Current budget constraints mean that NASA has had to revise its plans to reach Mars in the 2030s, but the target remains feasible with more funding, Professor John Logsdon of George Washington University told Radio Sputnik.
NASA can't afford to send humans to Mars on its current budget, NASA's head of human spaceflight William Gerstenmaier said earlier this week.
"I can't put a date on humans on Mars, and the reason really is the other piece is, at the budget levels we described, this roughly 2 percent increase, we don’t have the surface systems available for Mars," Gerstenmaier said in answer to a question tabled during a meeting of the American Institute for Aeronautics and Astronautics on Wednesday.
"And that entry, descent and landing is a huge challenge for us for Mars," he explained.
The admission comes after the space agency had previously made a bold target to reach the Red Planet in the 2030s. From 2018 – 2030, NASA is planning groundwork for a Mars mission including expeditions near the moon that test the capabilities needed for humans to live and work on Mars.John Logsdon, Professor Emeritus and former Director of the Space Policy Institute at George Washington University, told Radio Sputnik that while the possibility is off the table right now, things could change in the near future.
"Bill Gerstenmeier said [that] under the current budget, it's impossible to plan precisely when we could land people on Mars, that future budget increases will be necessary," Logsdon explained.
"But our budgets are determined on a year-by-year basis and I think there's general agreement that in the 2020s the budget will have to increase in order to land on Mars in the 2030s. So, it's given the impression that NASA right now is not able to land on Mars and that's true because we're not ready to go."
From a cynic's point of view, NASA's head of spaceflight could be trying to put pressure on the White House to allocate more funds to the space agency.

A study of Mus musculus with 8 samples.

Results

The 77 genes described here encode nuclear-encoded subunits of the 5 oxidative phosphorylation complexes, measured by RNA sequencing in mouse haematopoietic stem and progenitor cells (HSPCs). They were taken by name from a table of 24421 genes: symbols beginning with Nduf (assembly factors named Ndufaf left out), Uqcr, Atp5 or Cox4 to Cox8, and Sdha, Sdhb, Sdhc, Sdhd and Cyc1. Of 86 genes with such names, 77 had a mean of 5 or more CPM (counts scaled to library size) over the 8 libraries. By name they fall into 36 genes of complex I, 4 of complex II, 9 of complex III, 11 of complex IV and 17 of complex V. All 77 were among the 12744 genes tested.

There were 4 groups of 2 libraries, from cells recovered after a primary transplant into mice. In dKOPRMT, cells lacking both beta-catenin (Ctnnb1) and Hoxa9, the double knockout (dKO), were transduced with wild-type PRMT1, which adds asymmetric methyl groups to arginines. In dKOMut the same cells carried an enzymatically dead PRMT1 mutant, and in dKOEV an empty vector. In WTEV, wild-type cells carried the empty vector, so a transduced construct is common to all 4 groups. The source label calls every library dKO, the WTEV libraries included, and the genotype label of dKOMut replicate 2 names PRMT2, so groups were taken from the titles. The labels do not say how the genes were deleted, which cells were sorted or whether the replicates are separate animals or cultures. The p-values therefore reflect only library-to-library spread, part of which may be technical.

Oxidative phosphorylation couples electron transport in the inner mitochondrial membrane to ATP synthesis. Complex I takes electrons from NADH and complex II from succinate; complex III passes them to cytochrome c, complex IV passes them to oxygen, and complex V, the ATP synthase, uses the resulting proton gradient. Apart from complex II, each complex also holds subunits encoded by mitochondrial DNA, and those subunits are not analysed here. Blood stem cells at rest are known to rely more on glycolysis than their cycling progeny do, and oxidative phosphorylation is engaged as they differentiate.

President Trump's proposed $19.1 billion budget for NASA in 2018 is almost as much as the 2017 allocation of $19.3 billion, approved by his predecessor Barack Obama. The budget proposal supports space exploration but cuts some other programs such as NASA's Office of Education and some environmental science missions.
"President Trump has said he wants to send people to Mars, so you could interpret the NASA position as, if you want us to do that, increase our budget," Logsdon said.
NASA is already developing the Orion spacecraft, which is undergoing testing and is intended to take humans to destinations including near-Earth asteroids, our own Moon, the moons of Mars and eventually Mars itself.
"They've conceptualized the next two pieces of hardware, a deep space gateway to be in orbit around the Moon as a staging point to go out to Mars, and a deep space transport vehicle that would only carry a few people at least to Mars orbit if not to land. Those are developments for the 2020s and 2030s, not for the immediate future," Logsdon said.
While NASA is currently limited by budget constraints, some private companies such as SpaceX and Mars One have declared intentions to colonize Mars. The expert thinks that SpaceX has the best chance to beat NASA to the prize."Of the major aerospace contractors, only SpaceX – or its leader Elon Musk – has said that he wants to send people to Mars. Elon says that he wants to develop a million-person city on Mars. He's very ambitious, he's done a lot of what his past ambitions have laid out, so you can't discount Musk and SpaceX as major players in this."
Whoever does manage to reach Mars first, will have to wait at least two decades to do so, Logsdon said.
"By 2033, we could be orbiting Mars and visiting its moons Phobos and Deimos. I would expect the first steps on the surface of Mars to be late 2030s or early 2040s, so still a long way away."